By the 1960s most adding machines on the market had ten keys and printed results. Often they were manufactured overseas. This ten-key, printing adding machine was made in Japan and imported by Commodore, a firm then based in Toronto. It has nine digit keys, a slightly larger digit bar, and keys marked with two vertical lines and with three vertical lines. It also has four function keys right of the digit keys and what appears to be a place value lever on the left, with a mechanical display of the place value above this.
Behind the keyboard at the back of the machine is a paper tape holder with a paper tape, a printing mechanism, and a two-colored ribbon. A rubber cord fits in the back of the machine and there is a plastic cover. At the front of the machine is a metal carrying handle.
A mark on the top reads: commodore. A tag on the bottom reads: commodore 201 (/) No 22742. The tag also reads: COMMODORE BUSINESSS MACHINES INC. MADE IN JAPAN. A mark on the cord reads: KAWASAKI.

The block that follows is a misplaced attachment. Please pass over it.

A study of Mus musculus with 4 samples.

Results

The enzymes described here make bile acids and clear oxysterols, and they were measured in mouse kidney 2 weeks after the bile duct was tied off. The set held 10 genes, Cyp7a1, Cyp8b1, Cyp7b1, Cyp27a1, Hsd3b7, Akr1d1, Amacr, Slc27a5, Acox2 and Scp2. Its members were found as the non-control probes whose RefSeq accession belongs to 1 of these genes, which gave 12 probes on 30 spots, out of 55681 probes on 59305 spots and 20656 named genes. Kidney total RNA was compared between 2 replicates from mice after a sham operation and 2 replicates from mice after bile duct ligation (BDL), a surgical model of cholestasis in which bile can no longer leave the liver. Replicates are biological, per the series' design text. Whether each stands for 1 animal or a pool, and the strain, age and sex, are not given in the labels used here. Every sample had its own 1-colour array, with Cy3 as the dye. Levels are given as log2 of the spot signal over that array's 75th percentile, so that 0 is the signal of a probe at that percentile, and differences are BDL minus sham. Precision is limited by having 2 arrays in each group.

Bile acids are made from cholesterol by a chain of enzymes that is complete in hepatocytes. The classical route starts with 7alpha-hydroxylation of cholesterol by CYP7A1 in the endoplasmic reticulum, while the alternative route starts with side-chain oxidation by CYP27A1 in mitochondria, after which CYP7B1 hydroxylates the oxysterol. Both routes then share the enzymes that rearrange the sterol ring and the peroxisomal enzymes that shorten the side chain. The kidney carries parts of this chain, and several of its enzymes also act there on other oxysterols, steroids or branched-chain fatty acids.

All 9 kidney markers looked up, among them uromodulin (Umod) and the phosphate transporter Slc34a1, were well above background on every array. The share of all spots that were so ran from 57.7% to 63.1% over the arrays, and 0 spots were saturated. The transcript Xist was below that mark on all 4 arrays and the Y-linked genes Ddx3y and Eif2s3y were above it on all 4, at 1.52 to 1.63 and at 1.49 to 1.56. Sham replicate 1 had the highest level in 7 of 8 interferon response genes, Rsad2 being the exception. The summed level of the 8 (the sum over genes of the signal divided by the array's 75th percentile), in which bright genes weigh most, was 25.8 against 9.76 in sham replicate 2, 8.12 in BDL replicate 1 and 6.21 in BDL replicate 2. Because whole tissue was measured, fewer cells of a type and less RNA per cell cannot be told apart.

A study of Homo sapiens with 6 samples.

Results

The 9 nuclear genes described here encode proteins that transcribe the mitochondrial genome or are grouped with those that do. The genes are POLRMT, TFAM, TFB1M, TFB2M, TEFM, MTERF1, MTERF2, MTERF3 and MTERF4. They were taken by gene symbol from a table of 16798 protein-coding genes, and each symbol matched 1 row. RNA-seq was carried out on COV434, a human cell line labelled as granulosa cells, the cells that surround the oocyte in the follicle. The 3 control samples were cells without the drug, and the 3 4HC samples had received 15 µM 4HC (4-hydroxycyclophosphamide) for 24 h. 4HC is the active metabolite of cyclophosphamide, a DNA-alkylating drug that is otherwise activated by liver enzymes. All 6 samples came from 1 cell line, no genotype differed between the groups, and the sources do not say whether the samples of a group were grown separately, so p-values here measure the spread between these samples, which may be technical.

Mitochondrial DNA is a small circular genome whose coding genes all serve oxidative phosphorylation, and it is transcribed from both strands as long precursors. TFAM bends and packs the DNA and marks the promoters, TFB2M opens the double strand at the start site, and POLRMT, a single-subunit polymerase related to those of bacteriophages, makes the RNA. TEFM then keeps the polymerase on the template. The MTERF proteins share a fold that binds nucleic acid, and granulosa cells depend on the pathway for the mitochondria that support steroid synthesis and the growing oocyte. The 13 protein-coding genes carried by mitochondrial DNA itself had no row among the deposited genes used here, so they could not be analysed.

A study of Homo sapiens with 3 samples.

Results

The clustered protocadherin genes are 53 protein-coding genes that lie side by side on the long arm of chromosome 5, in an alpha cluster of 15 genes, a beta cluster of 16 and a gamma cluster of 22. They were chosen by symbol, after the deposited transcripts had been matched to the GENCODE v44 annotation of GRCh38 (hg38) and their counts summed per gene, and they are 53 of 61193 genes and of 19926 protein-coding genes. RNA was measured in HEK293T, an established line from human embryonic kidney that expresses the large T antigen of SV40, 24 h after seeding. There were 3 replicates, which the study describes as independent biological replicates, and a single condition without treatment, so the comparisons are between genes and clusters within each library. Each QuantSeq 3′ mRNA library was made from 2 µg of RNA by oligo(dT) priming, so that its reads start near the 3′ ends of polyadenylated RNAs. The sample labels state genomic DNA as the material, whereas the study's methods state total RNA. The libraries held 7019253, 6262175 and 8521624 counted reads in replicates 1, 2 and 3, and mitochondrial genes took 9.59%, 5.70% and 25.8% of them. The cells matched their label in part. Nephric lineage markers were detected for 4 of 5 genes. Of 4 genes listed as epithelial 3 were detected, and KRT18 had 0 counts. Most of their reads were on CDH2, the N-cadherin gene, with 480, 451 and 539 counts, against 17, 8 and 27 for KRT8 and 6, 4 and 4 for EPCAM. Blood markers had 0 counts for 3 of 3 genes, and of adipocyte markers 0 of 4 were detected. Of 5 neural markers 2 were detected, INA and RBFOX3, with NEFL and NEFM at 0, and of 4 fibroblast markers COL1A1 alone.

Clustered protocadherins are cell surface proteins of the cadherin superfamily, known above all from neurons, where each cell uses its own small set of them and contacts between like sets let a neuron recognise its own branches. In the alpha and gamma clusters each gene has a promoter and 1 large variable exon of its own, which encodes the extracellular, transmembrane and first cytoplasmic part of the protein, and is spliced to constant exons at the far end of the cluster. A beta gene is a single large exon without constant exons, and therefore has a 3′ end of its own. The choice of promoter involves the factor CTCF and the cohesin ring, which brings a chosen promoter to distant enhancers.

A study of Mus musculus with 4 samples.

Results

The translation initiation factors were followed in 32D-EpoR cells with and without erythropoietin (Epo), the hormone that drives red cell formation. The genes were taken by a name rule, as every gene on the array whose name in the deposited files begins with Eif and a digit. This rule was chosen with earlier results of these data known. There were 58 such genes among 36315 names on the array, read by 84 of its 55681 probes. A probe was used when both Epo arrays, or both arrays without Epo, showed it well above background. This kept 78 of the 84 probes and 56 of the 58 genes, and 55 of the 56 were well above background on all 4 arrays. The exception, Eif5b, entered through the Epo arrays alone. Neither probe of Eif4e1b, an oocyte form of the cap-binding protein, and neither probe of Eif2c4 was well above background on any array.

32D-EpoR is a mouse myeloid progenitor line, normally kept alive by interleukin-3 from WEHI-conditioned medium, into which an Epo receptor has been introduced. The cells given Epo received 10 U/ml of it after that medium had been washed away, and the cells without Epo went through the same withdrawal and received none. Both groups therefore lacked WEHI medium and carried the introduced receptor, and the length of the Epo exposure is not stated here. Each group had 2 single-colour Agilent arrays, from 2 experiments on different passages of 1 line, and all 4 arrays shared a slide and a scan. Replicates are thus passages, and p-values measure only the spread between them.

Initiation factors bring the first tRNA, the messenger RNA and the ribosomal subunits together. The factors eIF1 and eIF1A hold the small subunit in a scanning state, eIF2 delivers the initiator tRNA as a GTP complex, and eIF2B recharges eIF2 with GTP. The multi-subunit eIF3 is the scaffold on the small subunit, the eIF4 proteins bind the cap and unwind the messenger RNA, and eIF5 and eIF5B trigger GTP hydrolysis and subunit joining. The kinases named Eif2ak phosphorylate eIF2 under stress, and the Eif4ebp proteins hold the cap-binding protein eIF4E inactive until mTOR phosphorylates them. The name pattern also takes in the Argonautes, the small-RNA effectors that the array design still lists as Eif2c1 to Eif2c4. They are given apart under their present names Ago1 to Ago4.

Commodore Business Machines was incorporated in Toronto in 1955 under the direction of Jack Tramiel, a Holocaust survivor who had spent some years in the United States. The company initially distributed typewriters and came to sell electronic calculators and then personal computers. Commodore adding machines were advertised in American newspapers as early as 1962 and as late as 1972 (by this time they faced severe competition from electronic calculators). The Commodore 202, which is quite similar to this model, was advertised in 1968 as “all new.”
Pine, D., “Jack Tramiel, Founder of Commodore Computers, Lodz Survivor, Dies at 83,” The Jewish News Weekly of Northern California, 116 #16, April 20, 2012.
Los Angeles Times, January 21, 1968, p. C87. This is one of many advertisements found through the ProQuest database. It is for the Commodore Model 202.